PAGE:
Lynyrd Skynyrd, or at least the group of musicians currently using the name made famous in classic rock circles back in the mid- 1970’s, have a new album titled Last of a Dyin’ Breed out this week. The current lineup features one original member (Gary Rossington on guitar) and singer Johnny Van Zant, little brother of founding member and original lead singer Ronnie who died in the infamous plane crash of 1977. Filling out the current lineup is a host of well-accomplished session and touring musicians as well as former Marilyn Manson guitarist John 5 and original Black Crowes bassist Johnny Colt.
Find out if Last Of A Dyin’ Breed is worth hearing after the jump!
The result is an album that sounds like a pretty generic southern/hard rock band. The essence of that ‘70’s Skynyrd sound is missing. The riffing on new tracks like “Nothing Comes Easy” and “Homegrown” are more Nickelback than Allman Brothers and I don’t hear any of the boogie-woogie or Dixieland piano playing that the late Billy Powell brought to the band. Back in 1993, BBP Editor-in-Chief Andy Burns and I saw Skynyrd live and going back 20 years it felt like this was more of a tribute or cover band.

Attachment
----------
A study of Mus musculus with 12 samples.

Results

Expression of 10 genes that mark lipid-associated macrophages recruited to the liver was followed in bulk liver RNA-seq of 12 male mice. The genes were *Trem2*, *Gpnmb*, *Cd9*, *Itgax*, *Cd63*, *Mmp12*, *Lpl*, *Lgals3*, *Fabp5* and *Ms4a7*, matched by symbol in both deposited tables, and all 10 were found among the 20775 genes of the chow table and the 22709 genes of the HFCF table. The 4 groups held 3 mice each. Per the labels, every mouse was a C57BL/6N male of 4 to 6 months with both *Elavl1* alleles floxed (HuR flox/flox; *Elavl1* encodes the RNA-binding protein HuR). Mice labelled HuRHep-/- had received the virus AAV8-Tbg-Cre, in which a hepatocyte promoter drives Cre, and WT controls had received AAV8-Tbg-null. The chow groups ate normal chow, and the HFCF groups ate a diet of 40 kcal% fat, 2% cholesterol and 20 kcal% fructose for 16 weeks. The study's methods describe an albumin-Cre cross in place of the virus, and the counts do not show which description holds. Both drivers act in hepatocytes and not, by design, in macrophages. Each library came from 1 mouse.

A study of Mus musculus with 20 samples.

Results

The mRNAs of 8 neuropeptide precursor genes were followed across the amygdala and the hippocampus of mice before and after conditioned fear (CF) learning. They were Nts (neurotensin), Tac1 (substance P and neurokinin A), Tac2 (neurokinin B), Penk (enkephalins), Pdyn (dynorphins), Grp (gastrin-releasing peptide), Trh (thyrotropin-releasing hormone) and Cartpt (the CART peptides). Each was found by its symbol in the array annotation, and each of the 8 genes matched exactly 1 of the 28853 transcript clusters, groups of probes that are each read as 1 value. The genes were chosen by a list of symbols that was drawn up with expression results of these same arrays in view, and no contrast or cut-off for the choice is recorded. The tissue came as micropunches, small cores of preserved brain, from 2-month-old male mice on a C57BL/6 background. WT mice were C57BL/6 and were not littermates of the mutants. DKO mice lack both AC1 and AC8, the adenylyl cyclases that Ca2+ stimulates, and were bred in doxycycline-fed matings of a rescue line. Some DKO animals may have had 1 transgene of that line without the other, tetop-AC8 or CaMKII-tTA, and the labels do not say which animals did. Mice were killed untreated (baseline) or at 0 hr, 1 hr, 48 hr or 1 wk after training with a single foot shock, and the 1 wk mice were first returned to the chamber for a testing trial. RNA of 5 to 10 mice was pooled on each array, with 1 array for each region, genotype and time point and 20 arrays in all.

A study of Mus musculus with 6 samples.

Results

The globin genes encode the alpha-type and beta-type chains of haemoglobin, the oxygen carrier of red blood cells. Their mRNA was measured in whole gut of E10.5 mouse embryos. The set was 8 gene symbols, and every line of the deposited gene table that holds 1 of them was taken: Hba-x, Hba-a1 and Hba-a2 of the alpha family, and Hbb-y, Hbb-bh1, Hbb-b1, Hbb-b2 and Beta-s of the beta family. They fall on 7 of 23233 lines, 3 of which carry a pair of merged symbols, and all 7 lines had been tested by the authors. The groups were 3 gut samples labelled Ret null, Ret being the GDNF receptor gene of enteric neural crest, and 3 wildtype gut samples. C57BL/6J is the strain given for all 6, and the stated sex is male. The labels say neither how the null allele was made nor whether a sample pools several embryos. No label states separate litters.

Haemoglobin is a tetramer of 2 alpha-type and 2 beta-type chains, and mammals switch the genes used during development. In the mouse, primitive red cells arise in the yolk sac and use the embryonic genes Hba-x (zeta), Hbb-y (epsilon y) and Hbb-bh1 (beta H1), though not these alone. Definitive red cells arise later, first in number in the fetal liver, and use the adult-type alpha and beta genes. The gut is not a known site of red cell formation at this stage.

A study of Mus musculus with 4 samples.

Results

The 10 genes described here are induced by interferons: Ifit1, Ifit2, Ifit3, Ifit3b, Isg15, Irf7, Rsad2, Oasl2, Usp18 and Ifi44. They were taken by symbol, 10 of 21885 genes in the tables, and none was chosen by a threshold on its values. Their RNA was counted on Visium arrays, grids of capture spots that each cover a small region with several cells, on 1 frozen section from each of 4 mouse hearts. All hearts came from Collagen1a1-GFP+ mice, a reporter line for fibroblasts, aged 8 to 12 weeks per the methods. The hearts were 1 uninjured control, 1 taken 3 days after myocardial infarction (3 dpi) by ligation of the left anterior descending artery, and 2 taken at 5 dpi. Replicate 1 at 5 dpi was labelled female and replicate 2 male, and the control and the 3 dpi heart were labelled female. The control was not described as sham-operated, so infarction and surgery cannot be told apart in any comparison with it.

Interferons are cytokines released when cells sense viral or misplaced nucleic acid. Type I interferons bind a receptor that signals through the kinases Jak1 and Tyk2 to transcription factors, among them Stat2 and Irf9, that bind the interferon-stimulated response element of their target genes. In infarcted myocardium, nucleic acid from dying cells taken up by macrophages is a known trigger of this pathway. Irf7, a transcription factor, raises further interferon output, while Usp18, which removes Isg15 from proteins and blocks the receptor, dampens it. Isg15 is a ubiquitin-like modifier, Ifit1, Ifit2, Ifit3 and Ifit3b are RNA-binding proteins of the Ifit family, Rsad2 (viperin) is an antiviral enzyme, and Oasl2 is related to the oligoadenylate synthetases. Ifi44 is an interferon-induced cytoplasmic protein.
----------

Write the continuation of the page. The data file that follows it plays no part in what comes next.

The title track is the closest thing to the classic Skynyrd sound with big slide guitar leads and stories of open highways, one horse towns and one night stands setting the tone for the album. Johnny Van Zant makes a number of references to his older brother Ronnie throughout the album. He sings, “A barefoot brother who gave me hell, I fearned from the best who taught me well” on the title track and “Good Teacher” is all about Ronnie’s influence.
I do think the album will play well in middle America and with a polarizing election ahead for our friends south of the border, look for tracks from Last of a Dyin’ Breed to find their way into Republican/Tea Party ads and to GOP events from now until November.